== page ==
METAtropolis by Jay Lake, Tobias Buckell, Elizabeth Bear, John Scalzi, & Karl Schroeder
In the Forests of the Night by Jay Lake
This story tells of the intertwining paths of a mysterious colossal of a man, Tygre, and the forest city of Cascadiopolis. They both fall, and we are told this early on, but the story is about how that happens, and so much more.
The story is a report (but doesn’t read like one) written by the members of the Cascadiopolis movement as an explanation for what happened, and intermittently includes quotes from various other reports that describe the state of the world at this future point.
“Climate change and resource pinches have caused semi-societal collapse. America had become “a zombie empire shambling onward through the sheer weight of its extents, but devoid of initiative or credibility… Hope was not dead, but it lived in strange, isolated colonies on the warm corpse of the United States.””
So Cascadiopolis is a success story. It’s a city based on the principles of anarchy and sustainability. Whatever works, low or high tech. And it answers the question as to how an anarchist government would run. A difficult task, seeing as anarchy is defined as being not in recognition of government.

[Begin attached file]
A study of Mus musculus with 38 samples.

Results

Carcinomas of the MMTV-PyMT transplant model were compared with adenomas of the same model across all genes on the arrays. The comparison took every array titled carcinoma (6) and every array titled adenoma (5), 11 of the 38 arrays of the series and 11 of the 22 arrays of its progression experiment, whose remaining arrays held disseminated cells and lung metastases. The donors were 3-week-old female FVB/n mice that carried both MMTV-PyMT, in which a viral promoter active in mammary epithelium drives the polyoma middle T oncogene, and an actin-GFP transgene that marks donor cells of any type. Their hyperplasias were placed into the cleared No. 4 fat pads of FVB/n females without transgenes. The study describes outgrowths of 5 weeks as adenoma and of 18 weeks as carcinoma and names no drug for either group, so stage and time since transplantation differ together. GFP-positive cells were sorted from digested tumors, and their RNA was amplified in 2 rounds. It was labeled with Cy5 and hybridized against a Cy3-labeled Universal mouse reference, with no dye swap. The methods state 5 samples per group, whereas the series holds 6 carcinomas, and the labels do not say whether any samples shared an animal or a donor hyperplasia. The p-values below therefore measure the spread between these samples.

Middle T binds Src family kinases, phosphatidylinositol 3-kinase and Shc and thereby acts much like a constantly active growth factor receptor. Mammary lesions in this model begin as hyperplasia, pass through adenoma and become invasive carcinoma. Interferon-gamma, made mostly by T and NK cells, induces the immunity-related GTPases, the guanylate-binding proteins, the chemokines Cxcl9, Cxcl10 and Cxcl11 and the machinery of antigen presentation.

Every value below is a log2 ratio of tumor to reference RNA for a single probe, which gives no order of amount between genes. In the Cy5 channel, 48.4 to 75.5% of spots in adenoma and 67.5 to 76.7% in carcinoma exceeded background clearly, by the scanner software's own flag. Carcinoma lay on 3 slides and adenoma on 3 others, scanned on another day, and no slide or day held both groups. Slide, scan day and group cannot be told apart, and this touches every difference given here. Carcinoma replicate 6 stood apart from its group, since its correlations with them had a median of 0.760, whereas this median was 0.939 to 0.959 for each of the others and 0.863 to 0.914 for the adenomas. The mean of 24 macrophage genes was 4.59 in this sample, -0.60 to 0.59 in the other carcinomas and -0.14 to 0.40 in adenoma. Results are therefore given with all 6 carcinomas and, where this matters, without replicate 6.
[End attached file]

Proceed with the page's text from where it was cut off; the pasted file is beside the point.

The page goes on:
“Even here in the heart of fog-bound anarchy, there are processes, rules, requirements to be followed. Freedom must be protected by a wall of suspicion.”
And later under the heading “How it Works: The Newcomers Guide to Cascadiopolis:
Cascadiopolis is a self-organizing anarchist collective which aspires to the self-actualization of all citizens in accordance with green principles.”
Though a leaderless movement, a Citizen’s Executive committee (and other subcommittees created when need arises) “sits in proxy for the will of the whole” and a vote can be called at any time with 10% agreement from the city.
“This practice is a compromise between our anarchist principles and the unfortunate realities of existing in a world of governments, corporations and capital-intensive infrastructure. Every citizen’s core aspirations should include a dedication to the day when the Citizen’s Executive will wither away and we are all self-actualized without interference from each other or the city as a whole.”
So Cascadiopolis is a city of ideals. Unfortunately, sometimes those very ideals create room for downfall.
An infiltrator thinks “They will not do face checks, these people – against what they stand for…”
Sometimes your ideals are all you have, and as long as you survive you can pick them up and go somewhere else, as is the case with this very cool and romantic sounding city among the trees that I will only visit in my dreams.